Go see the world, people. (Image: Getty)

Many Australians look out the office window on a long Tuesday afternoon, wondering if this is all there is.

But a small minority do make it out of the rat race and travel the world, showing the rest of us that it's possible to taste true freedom – if only for a while.

The average generation Z person has only $10,116 in their bank account, gen Y has $19,752 of savings and gen X have $34,257 in reserve.

None of those amounts will last long while travelling and with no income coming in.

So how do you chuck in your job and travel for 12 months – or even longer? How do you do this without sending yourself broke?

Here are some ways you can make the dream come true.

House sitting

If you're willing to live in and take care of someone else's house – with maybe some maintenance obligations like feeding a pet or watering plants – it's a cheap way to travel for a long time.

There are many reported examples of younger couples – usually with fewer commitments like children – living full-time as sitters, travelling and saving money along the way.

But there are also older couples, like Ian Usher and Vanessa Anderson, who have travelled non-stop for several years by finding house sitting gigs along the way.

"We do get told we are living the dream. But, as with any lifestyle choice, you have to make compromises," Usher told Domain last year.

"Yes, we do get to travel, but the flipside of the coin is that we don’t have a home base and we don’t have regular contact with family and friends."

Rent out your home

If you own your home and the mortgage repayments are manageable, this is an excellent way to attain constant cash flow to travel long-term.

The current historic-low interest rates will mean many home owners will have minimum repayments low enough to be covered by rental income, plus have some left over to travel on.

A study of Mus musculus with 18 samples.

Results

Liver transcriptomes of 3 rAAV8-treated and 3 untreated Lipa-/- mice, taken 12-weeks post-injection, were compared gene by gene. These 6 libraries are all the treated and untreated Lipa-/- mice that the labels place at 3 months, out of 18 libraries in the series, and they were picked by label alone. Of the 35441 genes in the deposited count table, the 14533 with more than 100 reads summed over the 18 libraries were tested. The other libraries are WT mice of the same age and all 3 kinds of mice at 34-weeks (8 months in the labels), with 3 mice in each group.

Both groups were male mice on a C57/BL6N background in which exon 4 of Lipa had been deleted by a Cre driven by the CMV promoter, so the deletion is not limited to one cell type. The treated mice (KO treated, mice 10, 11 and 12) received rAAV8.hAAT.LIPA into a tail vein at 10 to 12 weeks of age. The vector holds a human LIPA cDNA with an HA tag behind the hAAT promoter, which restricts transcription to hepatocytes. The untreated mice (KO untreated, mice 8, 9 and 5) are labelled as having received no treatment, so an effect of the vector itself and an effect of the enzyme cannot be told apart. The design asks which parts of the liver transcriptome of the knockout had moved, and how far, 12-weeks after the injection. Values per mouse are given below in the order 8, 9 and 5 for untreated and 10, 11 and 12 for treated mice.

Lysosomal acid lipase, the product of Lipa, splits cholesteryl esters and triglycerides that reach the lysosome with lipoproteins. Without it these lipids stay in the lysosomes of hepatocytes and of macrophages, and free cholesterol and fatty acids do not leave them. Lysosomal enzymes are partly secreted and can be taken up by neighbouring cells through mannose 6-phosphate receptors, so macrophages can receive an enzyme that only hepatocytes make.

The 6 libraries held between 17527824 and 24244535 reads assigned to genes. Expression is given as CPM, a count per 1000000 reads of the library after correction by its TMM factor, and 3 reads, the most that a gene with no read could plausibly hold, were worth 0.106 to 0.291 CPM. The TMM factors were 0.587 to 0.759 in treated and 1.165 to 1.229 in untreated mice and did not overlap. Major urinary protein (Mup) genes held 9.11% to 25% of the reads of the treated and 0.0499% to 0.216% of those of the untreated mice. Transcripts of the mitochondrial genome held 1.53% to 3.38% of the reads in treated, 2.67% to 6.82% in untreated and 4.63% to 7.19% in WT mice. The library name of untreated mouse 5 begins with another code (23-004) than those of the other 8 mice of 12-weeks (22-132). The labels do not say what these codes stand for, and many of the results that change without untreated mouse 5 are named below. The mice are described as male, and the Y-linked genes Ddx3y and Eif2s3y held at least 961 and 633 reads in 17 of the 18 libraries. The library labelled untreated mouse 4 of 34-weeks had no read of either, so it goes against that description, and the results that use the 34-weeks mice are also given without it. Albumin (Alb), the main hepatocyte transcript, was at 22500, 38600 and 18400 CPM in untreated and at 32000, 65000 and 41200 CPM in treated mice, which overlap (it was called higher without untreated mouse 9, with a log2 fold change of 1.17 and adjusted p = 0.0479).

There are also neat tricks to maximise rent, like converting the home into multiple dwellings.

For example, I bought a three-bedroom, two-bathroom house then segregated off a part of the house to create a one-bedroom self-contained granny flat. I rented this out, which covered the home loan repayments, then rented out the two-bedroom section that provided the income to travel for a year.

After flying out with the plan to be away for one year, I ended up staying overseas for 18 months.

Working holiday

This is a popular choice for younger Australians.

Some countries, such as the United Kingdom and Canada, allow Australians below a certain age to live and work while visiting. 

Whether the type of job allowed is professional or blue-collar depends on that country's visa terms.

If you set up a base in one of those countries, you can also see a lot of the surrounding region. For example, living in Britain would allow you to do weekenders to continental Europe, while an address in Canada could open up North America for exploring.

A secondary benefit of the working holiday residence is that some host countries, like the UK, will allow the visitor to apply for permanent residency – or even citizenship – once they are established for a certain length of time.

Remote Year

Remote Year is a travel organisation that sends professionals on a one-year adventure of living in a different city each month. There are also shorter six- and four-month programs.

The organisation takes a monthly fee for arranging the accommodation and activities, while the participant must bring their own job that can be performed remotely.

"Participants join with their current jobs work remotely while living in different cities around the world for a month at a time with a community of other professionals from various industries and nationalities," says the Remote Year website.

"The cost of the program covers having all of your bookings, experiences, workspace membership, and more arranged for you."

The same group moves around the same cities, providing community support. There is a discount for couples.

"I would wake up, work out, go to the workspace/work from home, have lunch with different friends from my group each day, explore in the afternoon/early evening, dinner with friends, possibly go to a bar," said freelance illustrator and designer Barbra Araujo.

"Some days I would explore in the morning and work after lunch – it just depended on the day."

Telecommuting

If you already have a job or a business that allows telecommuting, you don't really need Remote Year to take off. Those who freelance or work for themselves are in prime position.

You can fly out now and you're already ahead of most people – income is coming in while you travel, provided you can be disciplined about maintaining work hours.